Tuesday, May 25, 2010

Convicted rapist exonerated by DNA

Ernest Sonnier who was released from prison last August when evidence surfaced that he had been wrongly convicted of a 1985 rape was exonerated when DNA tests results were released in court today. The tests results excluded Mr. Sonnier from being involved in a second rape that resulted in a murder.  Mr. Sonnier had been a suspect in that case.

For all the talk in law school and the media about how a trial acts as a crucible of truth, Mr. Sonnier's case is a terrifying tale of just what happens when the police are allowed to run the crime "lab" that tests physical evidence in criminal cases. The following excerpt is from The Justice Project's report of the Sonnier case:

Sonnier’s conviction was based largely on misleading forensic testimony and a mistaken eyewitness identification. The victim picked Sonnier out of a photo lineup almost six months after the crime occurred and later identified him in a live lineup. At trial, the victim again identified Sonnier as her attacker, but conceded that the photo of Sonnier looked more like her assailant than did the man in the courtroom.
In addition to the victim’s identification the jury was given faulty forensic testimony skewed to bolster the prosecution’s case. A Houston Crime Lab analyst testified narrowly about the rape kit slides, which evidence did not match Sonnier’s blood type, and affirmed a prosecution effort to explain away the lack of a match by suggesting that the victim’s blood type could have masked the perpetrator’s. In fact, lab records contain no indication of scientific testing or results to support this theory. The analyst also failed to disclose that additional semen evidence from the victim’s clothing was tested, and that all of it failed to match Sonnier’s blood type Jurors were left with an incomplete and misleading picture of the available evidence. Moreover, Sonnier’s attorney did not call a single witness in his defense.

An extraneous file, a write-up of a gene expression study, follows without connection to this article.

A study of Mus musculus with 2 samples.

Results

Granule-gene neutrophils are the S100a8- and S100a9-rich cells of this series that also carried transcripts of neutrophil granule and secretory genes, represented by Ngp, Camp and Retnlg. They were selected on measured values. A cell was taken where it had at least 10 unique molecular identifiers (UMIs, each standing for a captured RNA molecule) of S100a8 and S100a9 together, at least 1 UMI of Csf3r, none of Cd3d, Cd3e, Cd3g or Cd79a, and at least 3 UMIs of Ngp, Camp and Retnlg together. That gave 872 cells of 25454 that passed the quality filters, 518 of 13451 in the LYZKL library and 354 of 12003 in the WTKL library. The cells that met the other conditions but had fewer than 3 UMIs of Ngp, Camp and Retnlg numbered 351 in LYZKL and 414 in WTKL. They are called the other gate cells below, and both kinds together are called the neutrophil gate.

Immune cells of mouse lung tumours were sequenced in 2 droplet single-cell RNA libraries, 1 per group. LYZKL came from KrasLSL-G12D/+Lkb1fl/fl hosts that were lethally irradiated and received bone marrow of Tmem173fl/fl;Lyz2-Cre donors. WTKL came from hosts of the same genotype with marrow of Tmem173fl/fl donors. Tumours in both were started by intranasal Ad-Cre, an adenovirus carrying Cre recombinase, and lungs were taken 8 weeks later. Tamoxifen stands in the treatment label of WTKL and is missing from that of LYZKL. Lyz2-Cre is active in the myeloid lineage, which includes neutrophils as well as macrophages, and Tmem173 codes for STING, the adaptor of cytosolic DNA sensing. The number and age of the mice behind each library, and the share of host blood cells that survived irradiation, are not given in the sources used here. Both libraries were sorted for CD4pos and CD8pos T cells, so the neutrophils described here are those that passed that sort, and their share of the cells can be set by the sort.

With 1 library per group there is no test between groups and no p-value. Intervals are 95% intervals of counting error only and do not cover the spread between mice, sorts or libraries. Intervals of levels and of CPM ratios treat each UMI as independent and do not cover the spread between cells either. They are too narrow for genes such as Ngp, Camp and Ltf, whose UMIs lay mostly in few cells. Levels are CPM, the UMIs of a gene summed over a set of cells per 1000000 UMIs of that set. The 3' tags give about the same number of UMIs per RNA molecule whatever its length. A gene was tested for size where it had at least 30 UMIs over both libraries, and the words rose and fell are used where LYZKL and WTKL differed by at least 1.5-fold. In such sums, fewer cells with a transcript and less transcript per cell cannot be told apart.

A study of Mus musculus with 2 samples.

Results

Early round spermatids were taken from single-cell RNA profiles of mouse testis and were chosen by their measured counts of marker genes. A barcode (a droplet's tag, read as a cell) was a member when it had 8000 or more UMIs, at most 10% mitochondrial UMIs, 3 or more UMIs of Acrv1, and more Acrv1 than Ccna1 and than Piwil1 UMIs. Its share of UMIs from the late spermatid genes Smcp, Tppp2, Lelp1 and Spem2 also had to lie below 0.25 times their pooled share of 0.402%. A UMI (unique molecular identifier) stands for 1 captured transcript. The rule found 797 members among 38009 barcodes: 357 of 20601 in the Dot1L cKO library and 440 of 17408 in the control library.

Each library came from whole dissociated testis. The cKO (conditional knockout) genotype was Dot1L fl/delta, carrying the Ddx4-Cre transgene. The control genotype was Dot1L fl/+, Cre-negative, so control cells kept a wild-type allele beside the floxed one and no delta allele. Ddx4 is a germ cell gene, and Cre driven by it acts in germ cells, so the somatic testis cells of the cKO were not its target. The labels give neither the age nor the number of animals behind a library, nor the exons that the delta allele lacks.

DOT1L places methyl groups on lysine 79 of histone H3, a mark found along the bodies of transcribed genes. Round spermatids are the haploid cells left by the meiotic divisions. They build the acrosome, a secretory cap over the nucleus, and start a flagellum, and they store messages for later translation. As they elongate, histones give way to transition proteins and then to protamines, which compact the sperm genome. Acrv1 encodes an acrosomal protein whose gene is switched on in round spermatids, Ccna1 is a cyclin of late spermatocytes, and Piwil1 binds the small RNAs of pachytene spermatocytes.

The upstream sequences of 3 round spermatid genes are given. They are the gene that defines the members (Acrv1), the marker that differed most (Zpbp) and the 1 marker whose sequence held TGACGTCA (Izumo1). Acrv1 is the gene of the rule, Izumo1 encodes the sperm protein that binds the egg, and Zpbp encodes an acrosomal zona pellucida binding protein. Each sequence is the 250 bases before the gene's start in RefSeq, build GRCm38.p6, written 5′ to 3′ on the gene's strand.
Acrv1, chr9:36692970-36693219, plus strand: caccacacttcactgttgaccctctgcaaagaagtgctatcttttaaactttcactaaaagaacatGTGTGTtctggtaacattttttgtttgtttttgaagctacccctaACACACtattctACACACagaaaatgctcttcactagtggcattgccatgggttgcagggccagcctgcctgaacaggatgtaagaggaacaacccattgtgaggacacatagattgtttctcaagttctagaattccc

Unfortunately with Williamson County District Attorney John Bradley presiding over the Texas Forensic Science Commission you have the equivalent of the fox guarding the hen house. Mr. Bradley has a vested interest in preserving the status quo and not looking into "old cases" for the more we find out about the shoddy "science" used to deprive people of their freedom (and lives, in the case of Cameron Willingham), the more the public will question the win at all costs mentality that infects too many prosecutors across this state and this country.


Mikethelawstudent said...

So much for the mantra 'its better for 100 guilty men to go free than 1 innocent to be imprisoned'



Paul B. Kennedy said...

Thanks for your comment.

You should see the shocked look on jurors' faces when I ask them how they feel about that statement (and I only go 10 and 1) during voir dire.